Civil Rights Requirements- E. Federal Employment Discrimination Laws

Title VII of the Civil Rights Act of 1964, 42 U.S.C. 2000e et seq. ("Title VII"), the Age Discrimination in Employment Act of 1967, as amended, 42 U.S.C. Section 621 et. seq. (ADEA) and the Equal Pay Act of 1963, 29 U.S.C. Section 206 (d) (EPA), are Federal employment discrimination laws that offer civil rights protection to all employees, including TANF beneficiaries who make the transition from welfare to employment.

Title VII prohibits private and State and local government employers with 15 or more employees and employment agencies from discriminating on the basis of race, color, religion, national origin or sex (including pregnancy, sexual orientation, and gender identity) in all aspects of an employment relationship, including hiring, discharge, compensation, assignments, and other terms, conditions and privileges of employment.

Set forth below are examples of conduct by welfare agencies that assign TANF participants to work activities and the employers to whom they are assigned that may violate Title VII:

  • Denying employment opportunities to a TANF participant because he looks "foreign" or has an accent.
  • Prohibiting an employee from wearing religious clothing would be religious discrimination unless this would pose an undue hardship for the employer, e.g. a young Muslim woman who wears a shawl covering her head in keeping with Muslim teachings, or a young man who wears a turban in keeping with Sikh religious teachings.
  • A male supervisor constantly makes remarks about a female mechanic trainee's anatomy and invites her to the movies after work. When she refuses he usually states that there are many other persons interested in her trainee position.
  • An employer refuses to hire female TANF beneficiaries between the ages of 18 and 25 on grounds that they may become pregnant.

Title I of the ADA is another statute that offers protection to TANF beneficiaries engaged in work activities. Title I prohibits private and State and local government employers with 15 or more employees and employment agencies from discriminating in employment, on the basis of disability. As in Section 504, employers must make reasonable accommodation to the known physical or mental limitations of a qualified person with a disability unless the accommodation would impose an undue hardship. It also prohibits retaliation for opposing disability discrimination or participating in the complaint process. Title I applies to all employers who are covered by Title VII and prohibits discrimination based on disability in all aspects of the employment relationship.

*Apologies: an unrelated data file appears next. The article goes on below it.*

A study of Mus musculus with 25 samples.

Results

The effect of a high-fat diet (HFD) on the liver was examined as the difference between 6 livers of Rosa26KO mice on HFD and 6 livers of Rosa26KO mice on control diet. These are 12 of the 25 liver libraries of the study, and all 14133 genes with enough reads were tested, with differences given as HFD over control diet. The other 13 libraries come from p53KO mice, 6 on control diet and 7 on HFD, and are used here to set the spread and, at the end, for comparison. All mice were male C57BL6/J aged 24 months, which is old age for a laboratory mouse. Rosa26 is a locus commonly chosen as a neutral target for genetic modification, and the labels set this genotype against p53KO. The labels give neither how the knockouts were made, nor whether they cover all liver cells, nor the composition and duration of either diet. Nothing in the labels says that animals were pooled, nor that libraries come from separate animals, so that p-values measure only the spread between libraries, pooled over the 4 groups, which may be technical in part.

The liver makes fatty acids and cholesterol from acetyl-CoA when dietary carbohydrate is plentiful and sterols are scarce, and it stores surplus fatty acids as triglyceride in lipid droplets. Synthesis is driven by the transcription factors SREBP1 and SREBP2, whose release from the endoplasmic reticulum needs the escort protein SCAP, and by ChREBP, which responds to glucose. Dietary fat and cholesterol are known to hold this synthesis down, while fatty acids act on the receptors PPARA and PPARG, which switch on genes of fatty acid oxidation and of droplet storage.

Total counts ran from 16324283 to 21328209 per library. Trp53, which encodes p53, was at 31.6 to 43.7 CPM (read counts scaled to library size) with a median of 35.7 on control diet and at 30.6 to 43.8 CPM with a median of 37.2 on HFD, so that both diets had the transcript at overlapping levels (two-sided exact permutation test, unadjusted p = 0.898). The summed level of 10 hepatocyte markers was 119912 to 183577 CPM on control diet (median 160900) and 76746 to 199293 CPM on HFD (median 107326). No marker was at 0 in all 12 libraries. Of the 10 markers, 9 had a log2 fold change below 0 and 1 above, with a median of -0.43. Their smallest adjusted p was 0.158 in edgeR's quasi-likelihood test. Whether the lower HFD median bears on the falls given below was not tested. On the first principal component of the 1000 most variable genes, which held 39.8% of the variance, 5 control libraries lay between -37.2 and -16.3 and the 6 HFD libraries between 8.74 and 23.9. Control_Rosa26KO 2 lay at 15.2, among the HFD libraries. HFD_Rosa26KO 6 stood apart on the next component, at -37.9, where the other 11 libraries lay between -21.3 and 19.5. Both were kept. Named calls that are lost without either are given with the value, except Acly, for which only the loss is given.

In addition to the above statutes it should be noted that employment discrimination by recipients of Federal assistance also is prohibited by Title II of the ADA, Section 504, Title IX and Title VI (Title VI employment jurisdiction is limited to cases in which the primary purpose of the Federal assistance is to provide employment and to those cases in which the employment discrimination tends to discriminate against beneficiaries).Each of these laws prohibit retaliation against individuals because they oppose practices that they reasonably believe are unlawful under the employment discrimination statutes or because they participate in proceedings under the employment discrimination statutes.

The Federal agencies will continue to work with you and other benefit providers as welfare reform is implemented. Attached are addresses and telephone numbers of the Federal agencies as a helpful reference for questions related to civil rights and welfare reform. Each agency has provided a toll free number for your convenience and is available to provide technical assistance, and answer questions. Please share this information with your colleagues, constituents and other interested organizations.